Will the PLO and Mahmoud Abbas ruin all hope for Palestinians?

A member of the Palestinian security forces stands guard on the roof of the Church of the Nativity in the West Bank town of Bethlehem before the visit by Italy's Prime Minister Silvio Berlusconi, Feb. 3, 2010. (Darren Whiteside/Reuters)

Editor's note: Barack Obama's special envoy to the Middle East has arrived in the region to broker indirect talks between Israeli and Palestinian negotiators. Washington hopes that former senator George Mitchell — the man largely attributed with bringing peace to Northern Ireland — can produce a handshake between the Palestinian and Israeli leaders. A senior official in Jerusalem told Israeli media that Prime Minister Benjamin Netanyahu was ready to open the "proximity talks" at a meeting scheduled for Wednesday with Mitchell.

BETHLEHEM, West Bank — The good news is that the West Bank is normal — kind of — and that people are content — sort of. The bad news, the Palestine Liberation Organization thinks it’s responsible for the good news.

Palestinian President Mahmoud Abbas, who’s also the Palestine Liberation Organization (PLO) chief, has decided to stamp down on the man who’s actually made life bearable in the West Bank, Prime Minister Salaam Fayyad, and his plan to declare a unilateral Palestinian state in 2011.

At a meeting of the Fatah Revolutionary Council, effectively the PLO’s ruling body, Abbas said this week that only the PLO was allowed to make decisions on behalf of the Palestinian people.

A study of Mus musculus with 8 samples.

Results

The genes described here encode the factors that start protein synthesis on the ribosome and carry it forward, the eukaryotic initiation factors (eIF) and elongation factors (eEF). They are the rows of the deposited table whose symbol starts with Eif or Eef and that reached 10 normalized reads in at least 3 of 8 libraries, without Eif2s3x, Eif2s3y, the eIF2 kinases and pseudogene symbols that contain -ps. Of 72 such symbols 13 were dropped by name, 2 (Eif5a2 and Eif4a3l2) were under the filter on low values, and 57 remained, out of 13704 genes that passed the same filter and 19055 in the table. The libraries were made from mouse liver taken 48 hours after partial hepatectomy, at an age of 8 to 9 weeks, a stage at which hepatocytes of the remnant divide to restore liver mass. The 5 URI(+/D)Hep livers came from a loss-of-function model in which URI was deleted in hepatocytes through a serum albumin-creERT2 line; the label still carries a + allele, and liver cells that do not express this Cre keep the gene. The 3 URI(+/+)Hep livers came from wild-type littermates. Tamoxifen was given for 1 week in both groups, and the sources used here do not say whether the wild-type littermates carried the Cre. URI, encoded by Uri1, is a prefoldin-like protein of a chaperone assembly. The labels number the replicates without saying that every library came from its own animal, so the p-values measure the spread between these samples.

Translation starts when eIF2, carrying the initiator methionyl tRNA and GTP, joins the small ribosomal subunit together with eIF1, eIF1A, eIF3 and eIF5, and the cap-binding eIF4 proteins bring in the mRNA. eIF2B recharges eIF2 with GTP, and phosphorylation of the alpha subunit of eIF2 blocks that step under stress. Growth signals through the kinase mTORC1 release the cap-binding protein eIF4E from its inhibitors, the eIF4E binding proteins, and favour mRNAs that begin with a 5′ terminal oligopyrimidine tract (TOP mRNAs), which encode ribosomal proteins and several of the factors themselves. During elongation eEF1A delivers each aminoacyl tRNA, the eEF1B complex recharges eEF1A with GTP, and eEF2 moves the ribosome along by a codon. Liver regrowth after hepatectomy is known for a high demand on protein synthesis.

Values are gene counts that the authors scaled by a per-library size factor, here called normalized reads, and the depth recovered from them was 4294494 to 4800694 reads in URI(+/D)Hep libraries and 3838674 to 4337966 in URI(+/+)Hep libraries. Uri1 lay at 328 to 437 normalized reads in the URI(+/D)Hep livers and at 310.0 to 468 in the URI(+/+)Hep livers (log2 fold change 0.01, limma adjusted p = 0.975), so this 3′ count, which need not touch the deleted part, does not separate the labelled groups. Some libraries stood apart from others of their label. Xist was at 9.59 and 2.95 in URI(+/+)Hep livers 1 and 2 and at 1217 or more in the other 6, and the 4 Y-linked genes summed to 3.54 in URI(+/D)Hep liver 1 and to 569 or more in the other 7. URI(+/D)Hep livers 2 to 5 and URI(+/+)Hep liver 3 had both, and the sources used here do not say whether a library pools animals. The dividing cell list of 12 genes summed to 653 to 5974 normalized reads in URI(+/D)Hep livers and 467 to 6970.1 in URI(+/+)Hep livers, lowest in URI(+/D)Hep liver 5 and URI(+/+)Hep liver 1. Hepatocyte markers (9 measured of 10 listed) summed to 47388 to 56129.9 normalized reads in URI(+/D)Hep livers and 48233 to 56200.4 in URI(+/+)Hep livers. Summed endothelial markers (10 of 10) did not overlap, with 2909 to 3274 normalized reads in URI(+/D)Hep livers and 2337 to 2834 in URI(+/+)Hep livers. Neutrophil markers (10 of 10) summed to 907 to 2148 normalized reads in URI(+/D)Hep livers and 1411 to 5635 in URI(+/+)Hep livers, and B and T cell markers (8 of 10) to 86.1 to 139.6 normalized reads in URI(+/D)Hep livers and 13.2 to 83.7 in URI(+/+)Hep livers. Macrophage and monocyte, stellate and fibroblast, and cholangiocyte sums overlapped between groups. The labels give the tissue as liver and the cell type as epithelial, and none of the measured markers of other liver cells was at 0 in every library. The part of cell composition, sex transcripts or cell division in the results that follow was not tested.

"It’s not the factions or the governments that take ownership of decisions," Abbas said. 

Abbas wants to continue on the path that has led the Palestinians and the Israelis nowhere. So-called “proximity talks,” in which they talk via U.S. mediators, are supposed to start again soon. They’re unlikely to change anything.

Fayyad, who’s a political independent appointed to his post by Abbas mainly because the Americans insisted on it, announced his plan last year for the declaration of a state. The idea: truly to ready Palestinian institutions for independence and to dare Israel — and the U.S. — to oppose it.

Fayyad’s ability to clean up the economy and reform the security forces has made him popular among Palestinians. He’s also seen as untainted by the violence and corruption of the two main political parties, Abbas’s Fatah and the Hamas rulers of Gaza.

That makes him a potential rival to Fatah. PLO chiefs fear that if Fayyad declares a Palestinian state and the U.S. cheers, maybe its bankrollers in Washington and Oslo and Brussels will cut the PLO out of the power and money loop. That, after all, is what the PLO is all about. “organization” is the operative word in the name of the PLO, rather than “liberation."

A visit to Bethlehem this week delineates the precise choice on offer between Abbas and Fayyad.

In the Dehaisha Refugee Camp, less than a square mile that’s home to more than 16,000 poor Palestinians, there are bulletholes in the walls of the U.N. girls' school, left over from the second intifada. A reminder of the final bankruptcy of the PLO and its failure to convert itself from an outlaw band into a true government after the signing of the Oslo Peace Accords in 1993.

The casualties of that long descent into destruction are painted all over the walls. On the pedestrian bridge the girls cross to reach their school, there’s a 10-foot graffito of Said Eid, masked and firing a mortar. He was killed by an Israeli Apache helicopter in 2003. As the girls come down on the other side, they pass another big stencil in black paint. This time it’s Ayat Akhras, at 16 the youngest female suicide bomber, who left her home in Dehaisha in 2002 to kill herself, a 17-year-old Israeli girl and an aging supermarket guard. She raises a pistol like a naif Bond girl.